The Definitive List of the 10 Best Movies of 2020
There was a pandemic this year. Maybe you noticed. Maybe you didn’t.
Needless to say, 2020 was a potentially revolutionary year for movies, with the sudden and forced shift to at-home releases, a trend that was only accelerated by the global closure of movie theaters (I say potentially because despite all the doom and gloom about the fate of theaters, I see plenty of reason for optimism).
Regardless of what the future holds, 2020 undoubtedly shifted the landscape short term. Many major studio releases were pushed to 2021 or beyond, some went digital, and movies that otherwise may have been overlooked as being “straight to video” garnered significantly more attention than they otherwise would have, deserved in some cases, not so much in others.
“Pandemic quality” became a thing–as the months wore on, and as the big studios held their products close to the vest, praise came from left and right for films that, in other years, would be considered middling at best. And yet, while 2020 may be lacking the spectacle of big blockbusters, it was by no means a year lost.
On that note, let’s get onto the list… my top ten movies of 2020 and what many* would describe as the definitive list of the best this year had to offer.
What begins as a drama set in a remote and impoverished Brazilian town turns into something entirely else, and it’s this unpredictably that powers the surprisingly badass Bacurau. To say more would lessen its impact, but Bacurau is a worthy endeavor if you’re in the mood for something a little less conventional. And some blood.
My first reaction to News of the World was: this is pretty good. Not great. But pretty good. After chewing on it for a couple weeks, however, this Tom Hanks western continued to linger, and upon a rewatch I warmed to it even more. Though not the most complex of films, it’s an acutely directed drama-thriller that is likely to be a mainstay in my household for years to come.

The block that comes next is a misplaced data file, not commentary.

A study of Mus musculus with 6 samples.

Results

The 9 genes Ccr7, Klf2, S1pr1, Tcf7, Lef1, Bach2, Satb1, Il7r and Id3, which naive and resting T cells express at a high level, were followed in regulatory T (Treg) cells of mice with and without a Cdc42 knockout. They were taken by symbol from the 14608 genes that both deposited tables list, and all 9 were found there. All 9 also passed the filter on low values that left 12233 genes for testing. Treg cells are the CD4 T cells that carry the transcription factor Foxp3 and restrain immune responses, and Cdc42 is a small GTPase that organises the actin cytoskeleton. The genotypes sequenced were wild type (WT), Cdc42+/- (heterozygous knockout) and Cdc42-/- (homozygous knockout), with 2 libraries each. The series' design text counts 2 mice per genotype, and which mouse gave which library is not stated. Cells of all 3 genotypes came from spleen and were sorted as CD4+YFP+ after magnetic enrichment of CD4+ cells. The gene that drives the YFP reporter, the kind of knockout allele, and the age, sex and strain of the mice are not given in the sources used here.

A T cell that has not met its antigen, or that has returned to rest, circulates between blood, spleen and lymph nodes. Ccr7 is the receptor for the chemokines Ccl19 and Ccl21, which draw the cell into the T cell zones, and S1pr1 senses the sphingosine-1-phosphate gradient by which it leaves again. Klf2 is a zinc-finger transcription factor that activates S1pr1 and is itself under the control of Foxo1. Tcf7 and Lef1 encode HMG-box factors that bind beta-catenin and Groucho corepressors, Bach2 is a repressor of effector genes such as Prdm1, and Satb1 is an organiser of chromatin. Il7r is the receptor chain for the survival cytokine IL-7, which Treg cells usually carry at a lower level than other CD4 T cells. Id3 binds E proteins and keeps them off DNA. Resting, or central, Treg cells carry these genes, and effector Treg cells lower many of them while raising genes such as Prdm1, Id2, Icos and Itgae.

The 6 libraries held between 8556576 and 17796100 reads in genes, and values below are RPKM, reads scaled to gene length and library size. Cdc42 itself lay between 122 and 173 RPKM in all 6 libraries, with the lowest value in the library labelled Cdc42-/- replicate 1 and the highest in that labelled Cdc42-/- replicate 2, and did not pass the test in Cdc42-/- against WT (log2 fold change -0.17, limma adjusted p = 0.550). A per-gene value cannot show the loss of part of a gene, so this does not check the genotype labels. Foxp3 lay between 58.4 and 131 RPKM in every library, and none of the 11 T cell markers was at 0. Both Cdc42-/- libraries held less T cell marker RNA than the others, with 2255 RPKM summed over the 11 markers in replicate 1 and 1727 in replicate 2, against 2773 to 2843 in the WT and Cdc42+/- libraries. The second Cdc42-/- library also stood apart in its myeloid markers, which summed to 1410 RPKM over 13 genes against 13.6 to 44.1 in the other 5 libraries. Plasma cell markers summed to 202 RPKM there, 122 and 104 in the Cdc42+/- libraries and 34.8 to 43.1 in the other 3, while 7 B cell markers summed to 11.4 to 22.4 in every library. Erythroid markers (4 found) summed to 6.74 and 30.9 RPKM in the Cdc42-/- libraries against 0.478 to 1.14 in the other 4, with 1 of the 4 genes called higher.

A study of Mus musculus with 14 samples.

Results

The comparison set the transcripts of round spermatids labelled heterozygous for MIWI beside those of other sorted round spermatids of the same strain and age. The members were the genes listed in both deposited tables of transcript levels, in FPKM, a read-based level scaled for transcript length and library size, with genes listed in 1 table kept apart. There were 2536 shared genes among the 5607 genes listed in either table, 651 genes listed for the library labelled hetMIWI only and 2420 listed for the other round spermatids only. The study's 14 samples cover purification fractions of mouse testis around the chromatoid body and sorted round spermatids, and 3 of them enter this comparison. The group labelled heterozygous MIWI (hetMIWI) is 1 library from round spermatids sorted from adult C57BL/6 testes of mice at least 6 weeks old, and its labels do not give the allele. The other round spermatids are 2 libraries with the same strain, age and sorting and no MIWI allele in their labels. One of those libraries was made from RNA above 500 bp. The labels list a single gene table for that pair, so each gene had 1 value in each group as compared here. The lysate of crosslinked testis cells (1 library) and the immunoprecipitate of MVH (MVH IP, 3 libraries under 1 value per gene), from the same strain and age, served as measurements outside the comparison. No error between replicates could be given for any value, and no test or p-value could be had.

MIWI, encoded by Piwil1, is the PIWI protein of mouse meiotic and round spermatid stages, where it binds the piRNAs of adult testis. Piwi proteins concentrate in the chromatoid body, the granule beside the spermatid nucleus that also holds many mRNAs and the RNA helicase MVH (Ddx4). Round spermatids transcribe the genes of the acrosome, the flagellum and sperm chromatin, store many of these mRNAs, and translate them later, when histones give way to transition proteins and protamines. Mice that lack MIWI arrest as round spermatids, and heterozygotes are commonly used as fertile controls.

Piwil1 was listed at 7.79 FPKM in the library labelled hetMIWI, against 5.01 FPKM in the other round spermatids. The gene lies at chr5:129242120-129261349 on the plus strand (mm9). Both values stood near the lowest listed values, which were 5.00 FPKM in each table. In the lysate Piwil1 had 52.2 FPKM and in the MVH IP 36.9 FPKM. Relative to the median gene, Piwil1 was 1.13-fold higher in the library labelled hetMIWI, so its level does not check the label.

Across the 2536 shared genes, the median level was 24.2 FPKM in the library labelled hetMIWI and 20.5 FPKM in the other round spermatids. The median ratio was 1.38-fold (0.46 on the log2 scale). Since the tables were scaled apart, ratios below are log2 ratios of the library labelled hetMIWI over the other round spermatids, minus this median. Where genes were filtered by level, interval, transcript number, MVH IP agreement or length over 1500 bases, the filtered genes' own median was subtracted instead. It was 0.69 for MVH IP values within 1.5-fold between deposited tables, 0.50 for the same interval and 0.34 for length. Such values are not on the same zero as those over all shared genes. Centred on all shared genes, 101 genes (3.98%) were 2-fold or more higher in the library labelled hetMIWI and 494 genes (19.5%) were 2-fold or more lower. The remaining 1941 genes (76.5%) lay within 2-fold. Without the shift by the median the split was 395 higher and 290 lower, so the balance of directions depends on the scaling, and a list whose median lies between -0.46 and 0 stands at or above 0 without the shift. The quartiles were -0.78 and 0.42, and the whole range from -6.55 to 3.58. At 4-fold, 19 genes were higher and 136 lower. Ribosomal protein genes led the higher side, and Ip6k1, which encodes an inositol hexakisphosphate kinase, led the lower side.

If a month ago you had asked me whether a Gerard Butler disaster flick would make my top ten, I would have laughed you out of the room. But 2020 is full of surprises. When I think about movies I’ll still be watching 10 years from now, this entertaining, exciting, and surprisingly grounded thriller certainly fits the bill.
Promising Young Woman isn’t perfect. But it is one of the boldest, colorful, and satisfyingly angry movies released all year. And to argue that the movie doesn’t have a score to settle, and that it doesn’t do so memorably, would be to discount all the things debut filmmaker Emerald Fennell does right.
Riz Ahmed delivers a fantastic performance as a heavy metal drummer who loses his hearing, forcing him down a new and unexpected path. A beautiful story capped by an emotionally powerful final scene, Sound of Metal is deserving of any accolades thrown its way.
5. Palm Springs
I rarely include comedies in my list of favorites, but when said comedy is a weird Groundhog’s Day-esque film in which Andy Samberg relives the same day over and over again, occasionally hunted and tortured by J.K. Simmons, all while stuck in ultra-boring Palm Springs, one has to make exceptions from time to time. Funny, but also clever and genre-bending and sort of sweet while sometimes dark and twisted, Palm Springs deserves more attention and accolades than it has received.
4. First Cow
The nicest serious movie of the year, Kelly Reichardt’s First Cow is about two strangers who meet and bond over Chinese honey cakes and start a business selling them in frontier times, relying on the stolen milk from the only cow in the region. First Cow is a beautifully quaint film that defies expectations thanks to a terrific screenplay and the performances by its two leads, John Magaro and Orion Lee.
When my wife and I first watched Nomadland in late November, I turned to her at one point and declared, “this is one of the first fully realized films I’ve seen since 2019.” Featuring another award-worthy performance by Frances McDormand, Nomadland immerses you into its world within its first minutes and never lets go. In terms of Oscars, Nomadland has my vote.
But when it comes to the movie I’m most likely to watch year after year for the foreseeable future, it’s The Invisible Man, the riveting horror-thriller from Leigh Whannell. Elisabeth Moss gives a terrific performance that transcends the material and the genre, and the superbly made movie packs a viscous, creative, and feminist-swinging punch.
(it should be noted that several other great and lesser known horror movies landed just outside my Top 10)
In normal years, I wouldn’t have considered a recorded stage play for this list, let alone put it in my top spot, but 2020 ain’t no normal year. With the lines fully blurred between theatrical and TV releases, no “cinematic” experience rivaled that of watching the hit musical for the first time, even if it was on my TV weeks after its debut. Full of energy and life, powered by a witty screenplay and sensational musical numbers, Hamilton was the most rewarding viewing experience of 2020.
For a full list of my favorites (and least favorites), view this list of the best and worst movies of 2020.
*many = my parents and immediate family, though my mom would question the term “definitive.”